Vin Gallery, Ho Chi Minh City
Le Quang Ha is a Vietnamese painter and sculptor, born 1963 in Hanoi. His art dares to negate old and established things, especially those that are unprogressive, and to challenge tradition, culture and values. ‘One has to break down idols, even if it is God, to let oneself fabricate a more civilized and new cultural order’, as the artist states.
Born in Hanoi, he graduated from the Hanoi Industrial College of Fine Arts in 1992. Le Quang Ha creates slightly disturbing, yet intriguing paintings, avoiding traditional, academic subjects in his art. He instead chooses to address issues that many artists prefer to overlook or even ignore in their work, with much vitality, meaning, and social critique in the brutal honesty of his art. With its ironic comments, his art addresses subjects, which the young generations of Vietnam are confronted with, making a discourse on the clashes between tradition and the modern values of contemporary Vietnam.
In Vietnam, his art is still regarded as an outburst within the official and social framework. Nevertheless, it is the very controversy that he arouses which has become the leading indicator of the importance of his art. Le Quang Ha has participated in several exhibitions in Vietnam, and also taken part in shows in Germany, China, Switzerland, Hong Kong, Japan, the United States, Korea, Indonesia, and Great Britain. His paintings are in the permanent collections of the Fukuoka Asian Art Museum, Japan and the Singapore Art Museum.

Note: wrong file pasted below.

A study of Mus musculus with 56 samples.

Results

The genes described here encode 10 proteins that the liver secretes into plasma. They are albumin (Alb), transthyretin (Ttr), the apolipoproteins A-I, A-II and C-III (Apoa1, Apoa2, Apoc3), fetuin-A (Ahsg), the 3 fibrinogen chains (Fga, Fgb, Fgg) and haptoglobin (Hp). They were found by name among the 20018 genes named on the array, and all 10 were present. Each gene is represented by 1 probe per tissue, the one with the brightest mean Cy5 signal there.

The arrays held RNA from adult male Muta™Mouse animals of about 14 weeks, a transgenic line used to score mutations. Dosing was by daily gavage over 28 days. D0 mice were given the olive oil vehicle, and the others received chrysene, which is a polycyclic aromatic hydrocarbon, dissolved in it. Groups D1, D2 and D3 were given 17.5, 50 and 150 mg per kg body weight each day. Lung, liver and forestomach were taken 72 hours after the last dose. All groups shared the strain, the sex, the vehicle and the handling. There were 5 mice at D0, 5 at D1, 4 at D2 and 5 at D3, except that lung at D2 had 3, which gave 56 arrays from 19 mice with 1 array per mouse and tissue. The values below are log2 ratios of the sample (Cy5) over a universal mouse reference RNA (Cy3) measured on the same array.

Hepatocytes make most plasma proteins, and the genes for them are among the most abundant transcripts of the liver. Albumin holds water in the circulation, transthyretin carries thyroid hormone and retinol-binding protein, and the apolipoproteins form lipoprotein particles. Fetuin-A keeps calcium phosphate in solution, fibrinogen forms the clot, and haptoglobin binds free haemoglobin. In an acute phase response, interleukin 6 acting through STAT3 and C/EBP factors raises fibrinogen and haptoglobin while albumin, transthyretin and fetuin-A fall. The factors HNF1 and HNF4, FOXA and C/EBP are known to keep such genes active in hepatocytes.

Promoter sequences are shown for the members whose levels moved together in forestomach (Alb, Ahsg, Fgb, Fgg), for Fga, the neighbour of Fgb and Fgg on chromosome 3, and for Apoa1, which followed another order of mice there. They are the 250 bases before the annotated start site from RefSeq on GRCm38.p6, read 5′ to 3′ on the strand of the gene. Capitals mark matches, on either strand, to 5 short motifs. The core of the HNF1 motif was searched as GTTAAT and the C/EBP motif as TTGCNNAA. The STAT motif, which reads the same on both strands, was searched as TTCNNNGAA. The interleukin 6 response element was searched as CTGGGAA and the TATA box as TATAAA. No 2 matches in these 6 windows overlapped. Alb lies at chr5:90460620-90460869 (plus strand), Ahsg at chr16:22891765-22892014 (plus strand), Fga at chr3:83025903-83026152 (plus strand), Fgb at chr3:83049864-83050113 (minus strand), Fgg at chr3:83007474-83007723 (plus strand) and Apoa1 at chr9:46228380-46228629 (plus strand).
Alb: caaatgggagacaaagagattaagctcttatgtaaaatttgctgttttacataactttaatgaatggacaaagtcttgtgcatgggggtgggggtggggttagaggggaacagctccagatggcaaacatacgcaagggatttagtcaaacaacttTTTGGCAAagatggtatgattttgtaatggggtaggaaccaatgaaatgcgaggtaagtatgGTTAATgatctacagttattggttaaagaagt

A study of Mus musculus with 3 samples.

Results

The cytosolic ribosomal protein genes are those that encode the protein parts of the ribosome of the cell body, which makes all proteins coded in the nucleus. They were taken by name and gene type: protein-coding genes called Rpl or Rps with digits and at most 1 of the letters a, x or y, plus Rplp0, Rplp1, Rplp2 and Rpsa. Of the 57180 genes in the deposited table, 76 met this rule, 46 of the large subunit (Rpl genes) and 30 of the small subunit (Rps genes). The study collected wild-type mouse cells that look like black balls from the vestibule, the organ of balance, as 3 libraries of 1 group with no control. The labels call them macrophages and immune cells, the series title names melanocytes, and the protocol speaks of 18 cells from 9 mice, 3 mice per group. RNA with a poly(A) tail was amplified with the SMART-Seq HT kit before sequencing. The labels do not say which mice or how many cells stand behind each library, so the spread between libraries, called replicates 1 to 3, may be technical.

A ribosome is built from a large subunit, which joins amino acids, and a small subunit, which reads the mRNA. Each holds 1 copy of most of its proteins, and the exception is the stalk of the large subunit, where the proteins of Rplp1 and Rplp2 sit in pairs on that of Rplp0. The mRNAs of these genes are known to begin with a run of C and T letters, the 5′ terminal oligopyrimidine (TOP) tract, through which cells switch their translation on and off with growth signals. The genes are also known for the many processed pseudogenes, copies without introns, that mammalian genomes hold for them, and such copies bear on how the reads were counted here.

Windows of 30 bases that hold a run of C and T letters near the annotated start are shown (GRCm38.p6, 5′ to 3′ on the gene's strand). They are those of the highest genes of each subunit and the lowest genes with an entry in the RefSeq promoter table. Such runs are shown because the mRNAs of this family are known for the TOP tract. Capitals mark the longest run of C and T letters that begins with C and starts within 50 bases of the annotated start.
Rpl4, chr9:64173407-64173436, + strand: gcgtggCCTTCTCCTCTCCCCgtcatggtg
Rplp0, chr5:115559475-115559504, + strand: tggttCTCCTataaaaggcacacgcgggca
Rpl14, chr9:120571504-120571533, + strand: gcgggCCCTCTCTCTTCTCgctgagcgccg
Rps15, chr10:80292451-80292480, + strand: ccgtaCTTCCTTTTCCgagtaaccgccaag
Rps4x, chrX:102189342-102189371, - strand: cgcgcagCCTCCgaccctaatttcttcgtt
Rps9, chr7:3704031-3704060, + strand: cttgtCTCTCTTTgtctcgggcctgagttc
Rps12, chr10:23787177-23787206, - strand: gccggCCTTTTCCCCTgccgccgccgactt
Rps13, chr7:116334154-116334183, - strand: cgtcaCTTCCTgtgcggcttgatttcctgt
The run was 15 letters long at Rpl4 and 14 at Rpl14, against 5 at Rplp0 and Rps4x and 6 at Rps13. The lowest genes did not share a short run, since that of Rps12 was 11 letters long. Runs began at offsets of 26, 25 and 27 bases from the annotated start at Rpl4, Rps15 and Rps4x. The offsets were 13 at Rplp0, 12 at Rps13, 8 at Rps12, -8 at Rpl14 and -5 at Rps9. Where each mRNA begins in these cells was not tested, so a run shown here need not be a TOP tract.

Yohei Yama is Japanese artist who drawn to elemental energies whose hypnotic works lay claim to the transcendent power of art to heal, or to atone. From the paralyzing aftermath of the 2011 nuclear disaster in Fukushima sprang the essential motifs that characterize his work — little trees, rays of light and swirling winds that bridge and rebuild the bond between the artist and nature. The art breaths and sighs — concentric circles, lines and shapes swell and sway, mirroring nature’s irregular perfection, simultaneously recalling Op Art, 60s psychedelia and primitive patchwork patterns. There is also tumultuous, untamable wind; monochrome lines curl around and fold in on themselves and the result is curious – comfort in the sublimation to chaos.
“I realised this is healing for me, for people, and for the nature humans destroy.”
Born in Saitama Japan in 1977, Yohei Yama now lives and works in Ho Chi Minh City, Vietnam. Originally a photographer by trade and traveller by nature, he had his first solo show of paintings in Arles, France and has continued as a painter ever since, exhibited widely in Japan, France, United Kingdom, Taiwan, Hong Kong and Vietnam. He has been auctioned by Christie’s, JSL Asia contemporary auction in Taiwan and Poly Auction. Yama was also listed as an influential Japanese artist in Christie’s Hong Kong 30 Year Anniversary Book.